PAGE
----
RIFT VALLEY
By Caroline Chebet | November 27th 2018

Kenya Wildlife Service (KWS) personnel on board a helicopter try to tranquillise a female black rhino before transporting it as part of a rhino translocation exercise at the Nairobi National Park. KWS has lifted the suspension of darting of wildlife. [Photo, Reuters]

The Kenya Wildlife Service has lifted the suspension of darting of wildlife for purposes of disease surveillance, clinical monitoring and diagnosis of sick wildlife.

The KWS had suspended darting of wildlife following botched translocation that led to the death of 11 rhinos in Tsavo in July but has said it will lift the ban to allow for diagnosis of rhinos after the deaths in Mara.

The suspension of darting wildlife had raised fear among the conservationists after the death of three rhinos in Mara Triangle following suspected disease.

“Darting can only be done in cases of disease surveillance and clinical monitoring. We are currently doing the same on the remaining rhinos within the Mara ecosystem after the death of three rhinos,” KWS corporate Communications officer Paul Gathitu said.

The service announced its move after fears were raised that the ban of darting to allow for collection of blood samples for disease surveillance might impact on the remaining rhinos.

Gathitu added that the service has suspended any translocation of wildlife until revised procedures are put in place.

"The ministry is still laying out revised procedures on the same and that is why procedures that come with the translocation, like darting, have been in place-except on clinical grounds," he added.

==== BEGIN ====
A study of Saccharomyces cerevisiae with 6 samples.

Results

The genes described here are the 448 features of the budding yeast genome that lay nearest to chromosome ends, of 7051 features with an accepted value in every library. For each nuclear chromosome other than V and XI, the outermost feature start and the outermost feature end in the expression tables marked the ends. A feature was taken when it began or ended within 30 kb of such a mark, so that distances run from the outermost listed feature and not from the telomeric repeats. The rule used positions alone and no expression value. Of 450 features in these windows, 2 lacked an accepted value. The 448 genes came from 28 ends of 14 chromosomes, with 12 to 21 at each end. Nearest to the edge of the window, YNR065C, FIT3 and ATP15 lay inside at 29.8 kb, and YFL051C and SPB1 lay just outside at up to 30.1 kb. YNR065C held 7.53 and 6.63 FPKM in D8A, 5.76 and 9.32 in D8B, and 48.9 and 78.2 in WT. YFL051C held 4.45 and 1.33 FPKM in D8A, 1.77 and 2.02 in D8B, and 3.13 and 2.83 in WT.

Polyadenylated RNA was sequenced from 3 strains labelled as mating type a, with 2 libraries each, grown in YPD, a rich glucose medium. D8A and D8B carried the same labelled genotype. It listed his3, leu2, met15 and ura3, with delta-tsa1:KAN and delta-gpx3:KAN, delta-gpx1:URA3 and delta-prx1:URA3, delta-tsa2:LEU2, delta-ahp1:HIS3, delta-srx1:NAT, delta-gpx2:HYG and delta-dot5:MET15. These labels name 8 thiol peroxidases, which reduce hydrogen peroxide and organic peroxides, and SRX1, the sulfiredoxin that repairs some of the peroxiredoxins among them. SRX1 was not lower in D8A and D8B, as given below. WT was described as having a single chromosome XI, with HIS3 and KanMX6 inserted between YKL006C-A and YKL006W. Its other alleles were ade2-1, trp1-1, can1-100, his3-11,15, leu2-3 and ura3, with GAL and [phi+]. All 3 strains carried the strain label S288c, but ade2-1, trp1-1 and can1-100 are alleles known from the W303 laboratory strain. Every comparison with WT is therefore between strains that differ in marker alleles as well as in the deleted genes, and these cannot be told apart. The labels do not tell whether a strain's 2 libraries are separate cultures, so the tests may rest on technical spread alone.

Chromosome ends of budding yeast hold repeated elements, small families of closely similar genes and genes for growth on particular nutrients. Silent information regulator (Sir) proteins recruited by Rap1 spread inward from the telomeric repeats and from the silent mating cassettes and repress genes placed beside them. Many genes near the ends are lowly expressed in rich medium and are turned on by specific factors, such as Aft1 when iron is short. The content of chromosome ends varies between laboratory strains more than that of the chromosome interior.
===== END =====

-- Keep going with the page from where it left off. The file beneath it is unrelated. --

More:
Last week, Mara Triangle Administrator Liaram Molai raised fears that the ban of darting might hamper quick detection of diseases to arrest any cases of a contagious disease in case the death rhinos succumbed to infectious disease.

“The government banned darting, barring the extraction of blood from wildlife for testing but we are still waiting for the results from Government chemist to know the cause of deaths,” Mr Molai said.

The KWS said samples of other 10 rhinos remaining within the Mara Triangle will be collected for diagnosis in case of infectious disease.

Close sources had revealed to The Standard the rhinos might have died of anthrax, a contagious disease, which might also affect the rest of the remaining rhinos.

“It is suspected that the rhinos died of anthrax that is why surveillance has been stepped up in all protected areas,” the source said.